Whether we like it or not, we’re all conditioned as consumers in this era to see pricing for anything we want to buy.

Yet in the B2B manufacturing world, companies constantly put up barriers that hide pricing information from future customers.

This happens for two reasons:

  1. Their products are big-ticket items with lots of potential configurations
  2. They don’t want their competitors to see their pricing and undercut them

We argue that these reasons are just excuses.

Consider this:

When you do list your pricing on your website, you invite a conversation with the prospect, you build trust and you set expectations.

When your don’t list your pricing, your buyers are just going elsewhere to figure it out anyway. And their first stop is probably your competitor’s site.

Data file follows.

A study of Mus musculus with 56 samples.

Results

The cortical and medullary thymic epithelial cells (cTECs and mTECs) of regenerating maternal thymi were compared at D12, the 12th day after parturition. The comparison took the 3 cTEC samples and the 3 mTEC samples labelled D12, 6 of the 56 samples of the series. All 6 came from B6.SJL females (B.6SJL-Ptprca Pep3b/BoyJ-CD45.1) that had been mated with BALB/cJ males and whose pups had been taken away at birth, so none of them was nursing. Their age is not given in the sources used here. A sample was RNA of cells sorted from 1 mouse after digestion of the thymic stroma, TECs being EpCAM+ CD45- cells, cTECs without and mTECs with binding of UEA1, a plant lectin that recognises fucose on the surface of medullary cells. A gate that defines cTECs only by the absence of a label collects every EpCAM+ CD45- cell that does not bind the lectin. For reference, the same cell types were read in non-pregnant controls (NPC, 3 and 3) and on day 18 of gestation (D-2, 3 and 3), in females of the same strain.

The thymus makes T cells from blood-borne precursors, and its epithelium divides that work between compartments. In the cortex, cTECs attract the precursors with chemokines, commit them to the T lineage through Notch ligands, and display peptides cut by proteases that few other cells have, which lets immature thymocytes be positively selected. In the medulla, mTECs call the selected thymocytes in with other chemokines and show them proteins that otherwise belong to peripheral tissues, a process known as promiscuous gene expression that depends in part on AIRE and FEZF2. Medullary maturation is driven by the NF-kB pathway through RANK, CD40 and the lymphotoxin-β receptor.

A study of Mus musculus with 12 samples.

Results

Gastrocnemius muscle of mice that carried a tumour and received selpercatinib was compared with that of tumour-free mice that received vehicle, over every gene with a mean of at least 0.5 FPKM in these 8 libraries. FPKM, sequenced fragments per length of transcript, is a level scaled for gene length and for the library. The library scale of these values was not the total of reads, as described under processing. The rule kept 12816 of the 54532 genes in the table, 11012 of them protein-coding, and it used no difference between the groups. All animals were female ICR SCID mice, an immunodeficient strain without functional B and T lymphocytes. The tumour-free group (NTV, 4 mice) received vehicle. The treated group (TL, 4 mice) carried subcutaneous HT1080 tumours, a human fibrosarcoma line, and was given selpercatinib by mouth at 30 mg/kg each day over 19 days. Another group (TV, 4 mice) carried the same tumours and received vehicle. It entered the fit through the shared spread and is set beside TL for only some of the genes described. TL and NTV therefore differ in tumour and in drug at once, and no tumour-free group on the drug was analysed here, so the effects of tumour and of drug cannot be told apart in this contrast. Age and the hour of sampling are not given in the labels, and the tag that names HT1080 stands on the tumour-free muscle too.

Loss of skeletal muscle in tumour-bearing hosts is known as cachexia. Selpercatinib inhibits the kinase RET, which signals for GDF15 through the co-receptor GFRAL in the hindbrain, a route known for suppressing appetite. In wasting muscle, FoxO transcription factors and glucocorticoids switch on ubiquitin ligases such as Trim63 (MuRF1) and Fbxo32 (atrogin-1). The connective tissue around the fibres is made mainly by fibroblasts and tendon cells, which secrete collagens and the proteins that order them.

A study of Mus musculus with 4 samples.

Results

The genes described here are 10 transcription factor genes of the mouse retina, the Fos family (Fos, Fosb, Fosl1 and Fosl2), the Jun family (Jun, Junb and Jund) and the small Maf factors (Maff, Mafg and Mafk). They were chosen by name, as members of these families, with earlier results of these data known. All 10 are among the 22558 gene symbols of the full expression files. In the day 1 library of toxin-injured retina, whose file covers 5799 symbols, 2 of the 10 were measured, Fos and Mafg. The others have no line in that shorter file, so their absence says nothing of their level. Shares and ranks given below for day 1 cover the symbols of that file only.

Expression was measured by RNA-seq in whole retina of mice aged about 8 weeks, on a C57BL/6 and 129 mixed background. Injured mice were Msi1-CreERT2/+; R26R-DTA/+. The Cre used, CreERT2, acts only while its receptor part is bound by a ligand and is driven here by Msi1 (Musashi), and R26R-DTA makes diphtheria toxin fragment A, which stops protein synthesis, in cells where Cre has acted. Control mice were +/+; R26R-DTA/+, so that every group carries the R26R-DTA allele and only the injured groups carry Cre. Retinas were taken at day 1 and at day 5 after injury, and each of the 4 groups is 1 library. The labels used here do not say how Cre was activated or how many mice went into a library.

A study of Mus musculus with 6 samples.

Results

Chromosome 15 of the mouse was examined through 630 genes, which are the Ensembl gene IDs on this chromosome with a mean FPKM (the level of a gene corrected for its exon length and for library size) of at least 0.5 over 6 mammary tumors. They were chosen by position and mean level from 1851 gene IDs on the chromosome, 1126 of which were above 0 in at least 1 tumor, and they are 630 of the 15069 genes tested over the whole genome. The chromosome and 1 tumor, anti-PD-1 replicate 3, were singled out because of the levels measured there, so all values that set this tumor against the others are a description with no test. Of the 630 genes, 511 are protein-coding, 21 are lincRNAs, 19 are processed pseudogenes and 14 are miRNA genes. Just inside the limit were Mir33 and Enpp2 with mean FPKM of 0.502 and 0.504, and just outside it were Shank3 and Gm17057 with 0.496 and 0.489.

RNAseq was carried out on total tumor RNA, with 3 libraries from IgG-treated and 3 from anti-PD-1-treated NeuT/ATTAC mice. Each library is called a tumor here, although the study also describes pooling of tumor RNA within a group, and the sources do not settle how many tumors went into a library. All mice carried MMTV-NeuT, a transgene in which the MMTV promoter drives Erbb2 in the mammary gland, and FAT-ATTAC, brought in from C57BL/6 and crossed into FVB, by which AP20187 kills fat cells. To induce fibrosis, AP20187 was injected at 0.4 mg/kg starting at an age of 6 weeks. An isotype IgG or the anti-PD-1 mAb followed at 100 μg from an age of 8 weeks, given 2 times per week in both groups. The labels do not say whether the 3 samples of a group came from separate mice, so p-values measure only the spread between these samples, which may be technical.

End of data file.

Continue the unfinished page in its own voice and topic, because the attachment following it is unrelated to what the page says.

No matter what you sell – whether it’s a commodity or a big ticket, custom, complex solution, your prospects still care about the price. Price sensitivity will vary – I get it. But they still care.

So here are some ways to talk about pricing without physically listing $126,499.99:

1. Give a range

If your product usually costs between $50K and $150K, set those expectations. You’ll weed out price shoppers who will just waste your sales team’s time. And you’ll further qualify those who can actually afford your solution.

2. Explain the differences between the $50K and $150K version

Your answers to pricing questions probably often start with “Well, it depends.” So explain what changes as your buyer spends more.

3. Compare to the alternative

How’s your solution different from what your prospect is used to? When will he or she see a positive ROI? What’s the total cost of ownership (TCO)? Maybe they’ll pay 50% more for your product now, but it’ll last 10 years longer than your competitor’s.

Let’s stop beating around the bush and make it easy for our buyers to buy.